Sorry, it’s just facts: experienced MOPS folks are more technical than junior IT staff. (And I say this as a former know-it-all IT guy.)
Or if not more technical at the detail level, certainly more technically assured. If you’ve seen a Marketo config work in 10+ different instances, chances are you know what you’re talking about!
A client forwarded some frustrating IT pushback the other day:
That CNAME record won’t work.
We can’t make
yourcompany.mktoweb.combecause opening https://yourcompany.mktoweb.com gives an SSL error.
Bzzzt! Wrong. Whether https://yourcompany.mktoweb.com opens in a browser is irrelevant.
See, you’re only asking for a DNS alias to be set up, and by definition DNS resolution finishes before the HTTP request/response process starts. Alias-to-CNAME mapping is a DNS issue only. It has nothing to do with HTTP requests.
So https://yourcompany.mktoweb.com might throw a 404 or 500 error, return a 3xx redirect, whatever, doesn’t matter.
What matters is whether https://pages.example.com works. And, provided Marketo Support has installed the SSL cert for that domain, it will.
Let’s dive in a bit and see why.
Setting up a CNAME record for your LP domain
To get a Marketo LP domain working, you make the domain a DNS alias for the Account String shown in Admin:
DNS aliases use the CNAME record type:
pages.example.com 3600 IN CNAME yourcompany.mktoweb.com
In the above CNAME record...
pages.example.comis the alias
yourcompany.mktoweb.comis the CNAME, the “canonical name”, i.e. real(er) name
3600is the time-to-live (expiry) of the record in seconds
CNAMEis the record type
INis known as the record’s class (short for INternet, you always use IN for standard DNS entries)
The CNAME concept is simple, but still confuses people. To reiterate, the left-hand-side
pages.example.com is the alias — it’s not “the CNAME” as people erroneously say. The right-hand-side
yourcompany.mktoweb.com is the CNAME. You’re mapping an alias — one of potentially many aliases across different domains — to a more accurate name.
Opening an alias in the browser
HTTP requests (like any requests over the open internet) are between IP addresses. They’re not between names.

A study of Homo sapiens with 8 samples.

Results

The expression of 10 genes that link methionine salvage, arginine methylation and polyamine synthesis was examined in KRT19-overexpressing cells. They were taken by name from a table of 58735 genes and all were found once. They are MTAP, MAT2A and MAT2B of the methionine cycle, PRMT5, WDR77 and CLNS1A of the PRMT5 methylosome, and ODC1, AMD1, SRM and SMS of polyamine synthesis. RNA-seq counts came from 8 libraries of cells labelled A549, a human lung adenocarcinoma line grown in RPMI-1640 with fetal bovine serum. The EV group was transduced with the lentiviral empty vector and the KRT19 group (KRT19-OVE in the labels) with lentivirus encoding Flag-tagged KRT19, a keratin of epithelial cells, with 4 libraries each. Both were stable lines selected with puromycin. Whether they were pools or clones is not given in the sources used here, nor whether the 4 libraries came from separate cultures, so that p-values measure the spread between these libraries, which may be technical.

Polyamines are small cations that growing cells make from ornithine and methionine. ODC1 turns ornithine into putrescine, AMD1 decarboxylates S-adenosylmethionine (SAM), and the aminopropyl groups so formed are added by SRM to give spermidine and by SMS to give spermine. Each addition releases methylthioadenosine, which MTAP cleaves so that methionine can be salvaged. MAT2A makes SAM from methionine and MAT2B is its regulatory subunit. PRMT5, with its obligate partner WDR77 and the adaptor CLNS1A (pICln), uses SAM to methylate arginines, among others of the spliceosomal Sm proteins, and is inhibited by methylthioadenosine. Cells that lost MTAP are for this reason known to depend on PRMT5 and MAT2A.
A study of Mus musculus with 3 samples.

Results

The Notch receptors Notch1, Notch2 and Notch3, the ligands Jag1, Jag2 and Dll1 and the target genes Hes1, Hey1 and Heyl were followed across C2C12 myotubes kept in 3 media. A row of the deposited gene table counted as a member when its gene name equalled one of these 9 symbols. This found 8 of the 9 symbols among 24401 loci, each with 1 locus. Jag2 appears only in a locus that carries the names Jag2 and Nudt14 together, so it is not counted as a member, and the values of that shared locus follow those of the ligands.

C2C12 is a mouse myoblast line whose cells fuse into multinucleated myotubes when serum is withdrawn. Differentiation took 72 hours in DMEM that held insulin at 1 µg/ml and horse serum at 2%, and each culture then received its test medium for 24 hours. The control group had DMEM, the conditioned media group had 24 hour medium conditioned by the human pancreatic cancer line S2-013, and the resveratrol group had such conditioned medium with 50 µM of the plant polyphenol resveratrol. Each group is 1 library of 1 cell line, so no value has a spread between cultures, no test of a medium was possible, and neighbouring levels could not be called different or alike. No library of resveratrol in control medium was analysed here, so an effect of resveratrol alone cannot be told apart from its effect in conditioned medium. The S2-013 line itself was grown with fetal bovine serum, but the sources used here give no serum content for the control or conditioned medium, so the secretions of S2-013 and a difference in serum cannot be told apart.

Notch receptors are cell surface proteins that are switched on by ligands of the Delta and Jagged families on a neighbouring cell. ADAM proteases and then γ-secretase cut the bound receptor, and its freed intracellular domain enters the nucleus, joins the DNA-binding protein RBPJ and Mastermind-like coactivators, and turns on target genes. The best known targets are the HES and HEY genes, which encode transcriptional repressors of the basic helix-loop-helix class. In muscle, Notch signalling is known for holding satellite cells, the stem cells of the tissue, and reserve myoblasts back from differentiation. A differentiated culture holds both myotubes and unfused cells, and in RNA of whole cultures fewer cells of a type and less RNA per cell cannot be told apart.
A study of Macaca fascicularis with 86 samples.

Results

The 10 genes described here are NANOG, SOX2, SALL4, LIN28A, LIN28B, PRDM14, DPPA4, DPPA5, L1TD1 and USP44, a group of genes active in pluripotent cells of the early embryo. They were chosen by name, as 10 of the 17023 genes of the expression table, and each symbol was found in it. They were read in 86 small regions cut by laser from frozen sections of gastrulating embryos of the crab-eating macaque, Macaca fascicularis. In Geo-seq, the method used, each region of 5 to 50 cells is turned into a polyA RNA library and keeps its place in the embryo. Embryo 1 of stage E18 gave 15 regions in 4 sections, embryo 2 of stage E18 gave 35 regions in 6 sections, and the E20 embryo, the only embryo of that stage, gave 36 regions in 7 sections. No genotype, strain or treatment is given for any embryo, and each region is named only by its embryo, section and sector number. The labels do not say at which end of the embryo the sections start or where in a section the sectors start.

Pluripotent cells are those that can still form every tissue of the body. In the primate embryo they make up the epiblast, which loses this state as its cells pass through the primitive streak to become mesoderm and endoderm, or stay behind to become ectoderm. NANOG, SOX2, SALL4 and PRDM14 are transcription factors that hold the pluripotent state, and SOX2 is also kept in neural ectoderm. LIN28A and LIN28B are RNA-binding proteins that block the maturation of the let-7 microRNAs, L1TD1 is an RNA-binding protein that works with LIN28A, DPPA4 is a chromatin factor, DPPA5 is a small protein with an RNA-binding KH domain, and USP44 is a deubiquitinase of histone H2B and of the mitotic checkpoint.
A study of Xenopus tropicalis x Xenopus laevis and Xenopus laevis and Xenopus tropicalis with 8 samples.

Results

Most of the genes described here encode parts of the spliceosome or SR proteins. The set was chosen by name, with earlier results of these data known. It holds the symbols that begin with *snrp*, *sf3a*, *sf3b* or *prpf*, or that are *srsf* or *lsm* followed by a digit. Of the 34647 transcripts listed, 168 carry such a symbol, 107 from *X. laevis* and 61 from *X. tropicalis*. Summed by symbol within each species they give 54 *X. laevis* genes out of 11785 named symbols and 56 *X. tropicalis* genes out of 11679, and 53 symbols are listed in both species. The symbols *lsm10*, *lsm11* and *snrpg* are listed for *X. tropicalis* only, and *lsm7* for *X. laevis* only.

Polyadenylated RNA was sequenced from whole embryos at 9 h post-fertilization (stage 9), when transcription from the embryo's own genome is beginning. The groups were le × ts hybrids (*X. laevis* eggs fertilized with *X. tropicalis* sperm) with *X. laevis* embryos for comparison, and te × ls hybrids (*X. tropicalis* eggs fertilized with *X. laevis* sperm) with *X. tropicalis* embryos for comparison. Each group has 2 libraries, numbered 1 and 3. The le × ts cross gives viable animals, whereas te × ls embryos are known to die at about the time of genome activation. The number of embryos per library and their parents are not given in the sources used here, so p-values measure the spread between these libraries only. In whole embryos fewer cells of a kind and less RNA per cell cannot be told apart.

So when you open https://pages.example.com, first thing it does is ask its configured DNS servers for the IP address of
pages.example.com. It gets a DNS response like this:
pages.example.com. 3600 IN CNAME yourcompany.mktoweb.com. yourcompany.mktoweb.com. 300 IN CNAME sj01.mktossl.com. sj01.mktossl.com. 300 IN A 18.104.22.168
Now, that may look a little confusing, but I didn’t want to dumb it down.
The response includes two CNAME records, not just one. The IP address is
22.214.171.124 but a couple of aliases need to be resolved to get there.
(I foreshadowed this above by saying the CNAME is the “real(er)” name of any alias — not necessarily the “real(est)” name. The CNAME of one alias can end up being an alias of yet another CNAME, and so on until you reach an A record which points to an IP.)
Now that the browser has the IP address, it connects to
126.96.36.199, including the hostname
pages.example.com so the server sends the right page. Crucially, neither of the intermediate CNAME records are sent to
188.8.131.52. The only hostname sent is the one in the location bar,
The process is visualized here:
So while IT was superficially correct that https://yourcompany.mktoweb.com may generate this error —
— it just doesn’t matter. That’s not how real people request your Marketo LPs and has no bearing on setting up the CNAME record.
 Naturally, the server has a webserver listening on port 80/443. But that webserver doesn’t need to support the HTTP Host/SNI value
yourcompany.mktoweb.com. It’s free to throw an error just as it would for any undesired domain.